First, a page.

Church Planters Cultivate Seeds, but God Creates Them

As church planters, we are called to cultivate seeds. But creating seeds is God’s work, not ours. Let’s explore the difference.

Church Planters Cultivate Seeds, But God Creates Them

Try growing a crop without seed. From the smallest spore to the most robust kernel of grain, growth starts with a seed. Gather together botanists and gardeners, geneticists and farmers; let them compare notes and share experience—it’s just theory without a seed. No seed, no growth. As church planters, we are called to cultivate seeds. But creating seeds is God’s work, not ours. Let’s explore the difference.

Nor can you grow a watermelon from mushroom, nor wheat from a rosebush. The seed contains the path and potential. No seed, no path, no potential.

What would our lives be apart from the possibilities of growth, or hope for the future? The seed itself is the hope. The greater the seed, the greater the possibilities. The greater the seed, the greater the hope. The greater the seed, the greater the future. And in these words we discover the great kindness of God toward us: The heavenly Father has planted a seed inside each of his children.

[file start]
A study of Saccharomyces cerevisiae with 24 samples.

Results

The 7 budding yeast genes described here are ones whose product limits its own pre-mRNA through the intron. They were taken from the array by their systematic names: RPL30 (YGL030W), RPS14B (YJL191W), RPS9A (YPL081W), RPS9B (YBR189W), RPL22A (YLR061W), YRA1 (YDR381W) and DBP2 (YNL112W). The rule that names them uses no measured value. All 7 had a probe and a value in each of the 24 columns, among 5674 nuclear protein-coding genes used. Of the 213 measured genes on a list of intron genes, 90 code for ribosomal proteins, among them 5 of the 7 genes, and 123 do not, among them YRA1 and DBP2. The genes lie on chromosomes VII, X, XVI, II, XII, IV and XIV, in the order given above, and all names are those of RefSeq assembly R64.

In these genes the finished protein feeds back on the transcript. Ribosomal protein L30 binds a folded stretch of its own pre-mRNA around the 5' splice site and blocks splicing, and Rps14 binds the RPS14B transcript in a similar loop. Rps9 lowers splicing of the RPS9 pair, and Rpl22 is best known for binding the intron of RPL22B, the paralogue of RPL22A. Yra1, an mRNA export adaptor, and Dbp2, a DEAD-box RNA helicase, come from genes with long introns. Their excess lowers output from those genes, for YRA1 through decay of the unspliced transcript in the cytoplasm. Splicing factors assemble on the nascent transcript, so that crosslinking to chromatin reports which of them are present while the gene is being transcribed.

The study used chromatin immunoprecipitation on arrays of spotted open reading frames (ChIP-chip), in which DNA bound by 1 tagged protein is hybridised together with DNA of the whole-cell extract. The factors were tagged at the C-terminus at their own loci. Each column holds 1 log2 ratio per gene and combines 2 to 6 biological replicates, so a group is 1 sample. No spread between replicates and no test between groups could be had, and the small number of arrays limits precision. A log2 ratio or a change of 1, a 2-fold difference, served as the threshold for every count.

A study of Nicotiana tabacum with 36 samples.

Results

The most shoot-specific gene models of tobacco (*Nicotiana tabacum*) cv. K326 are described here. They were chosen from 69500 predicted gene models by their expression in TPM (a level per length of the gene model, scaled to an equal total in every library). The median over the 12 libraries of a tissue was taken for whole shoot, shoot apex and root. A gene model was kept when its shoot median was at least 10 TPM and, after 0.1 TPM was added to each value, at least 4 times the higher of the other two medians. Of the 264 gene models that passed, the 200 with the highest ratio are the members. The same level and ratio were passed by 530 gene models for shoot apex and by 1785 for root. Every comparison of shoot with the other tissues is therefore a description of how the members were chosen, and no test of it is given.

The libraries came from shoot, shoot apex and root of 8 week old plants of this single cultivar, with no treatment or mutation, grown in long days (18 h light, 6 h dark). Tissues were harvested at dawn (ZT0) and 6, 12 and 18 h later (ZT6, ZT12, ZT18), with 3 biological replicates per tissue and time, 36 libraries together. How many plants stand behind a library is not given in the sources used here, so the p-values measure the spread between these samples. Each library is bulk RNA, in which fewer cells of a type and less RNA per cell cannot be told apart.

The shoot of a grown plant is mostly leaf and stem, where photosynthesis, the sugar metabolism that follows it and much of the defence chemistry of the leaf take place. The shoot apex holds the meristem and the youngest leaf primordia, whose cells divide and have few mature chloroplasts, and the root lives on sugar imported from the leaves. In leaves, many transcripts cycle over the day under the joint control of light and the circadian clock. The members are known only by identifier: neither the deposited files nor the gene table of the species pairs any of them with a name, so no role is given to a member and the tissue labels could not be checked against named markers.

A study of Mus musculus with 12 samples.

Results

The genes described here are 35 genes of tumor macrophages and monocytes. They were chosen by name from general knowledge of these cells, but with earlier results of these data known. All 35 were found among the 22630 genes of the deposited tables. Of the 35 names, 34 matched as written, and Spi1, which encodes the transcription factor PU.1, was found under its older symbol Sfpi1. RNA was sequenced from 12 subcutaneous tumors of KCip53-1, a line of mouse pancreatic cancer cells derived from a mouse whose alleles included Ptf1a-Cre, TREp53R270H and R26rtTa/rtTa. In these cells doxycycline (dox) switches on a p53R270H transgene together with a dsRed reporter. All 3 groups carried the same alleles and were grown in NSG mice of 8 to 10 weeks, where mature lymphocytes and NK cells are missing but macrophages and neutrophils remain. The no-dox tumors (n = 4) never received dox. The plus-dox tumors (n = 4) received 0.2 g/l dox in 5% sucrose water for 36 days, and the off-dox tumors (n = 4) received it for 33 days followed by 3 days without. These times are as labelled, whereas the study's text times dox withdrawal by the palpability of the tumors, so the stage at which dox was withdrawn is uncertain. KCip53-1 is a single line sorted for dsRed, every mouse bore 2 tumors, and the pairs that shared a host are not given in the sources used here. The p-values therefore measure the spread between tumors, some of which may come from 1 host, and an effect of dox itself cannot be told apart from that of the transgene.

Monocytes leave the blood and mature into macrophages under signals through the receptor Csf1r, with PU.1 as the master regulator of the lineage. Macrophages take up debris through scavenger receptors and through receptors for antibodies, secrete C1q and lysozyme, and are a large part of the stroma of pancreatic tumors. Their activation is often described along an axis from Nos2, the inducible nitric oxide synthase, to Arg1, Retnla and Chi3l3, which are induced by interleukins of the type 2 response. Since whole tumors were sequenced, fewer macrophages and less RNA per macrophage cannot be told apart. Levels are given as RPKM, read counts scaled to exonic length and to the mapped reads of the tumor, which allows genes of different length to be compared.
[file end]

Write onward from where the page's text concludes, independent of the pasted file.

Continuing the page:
You have been born again, not of perishable seed, but of imperishable, through the living and enduring word of God.” (1 Peter 1:23)

This is more than metaphor. It’s the reality deep within you, and me. He planted the seed. What’s more, he himself is the seed, imperishable, filled with the DNA of Heaven. It lies in the soil of our heart even now.

No one can create a seed. He has done for us what we could not do for ourselves. He has broken off a piece of himself and placed it in us. What we call “the fruit of the Spirit” is the outcome of those who cultivate what God has already given. Who has love that God did not first plant in us? Who has joy that did not first come from the fount of all joy? Who has peace apart from the peace of Christ dwelling in us? And on and on.


The harvest of his seed is the fruit of his Spirit living in us. Gordon Fee, that great encourager and scholar of the Spirit’s work, said, “The goal of individual conversion is for us to bear the fruit of the Spirit, that is, to be transformed into God’s own likeness, the image of Christ.”

No one can create a seed, but everyone can cultivate a seed. The Creator has supplied the seed. We can plunge our hands into the soil, filled with the confidence born by the Spirit Itself.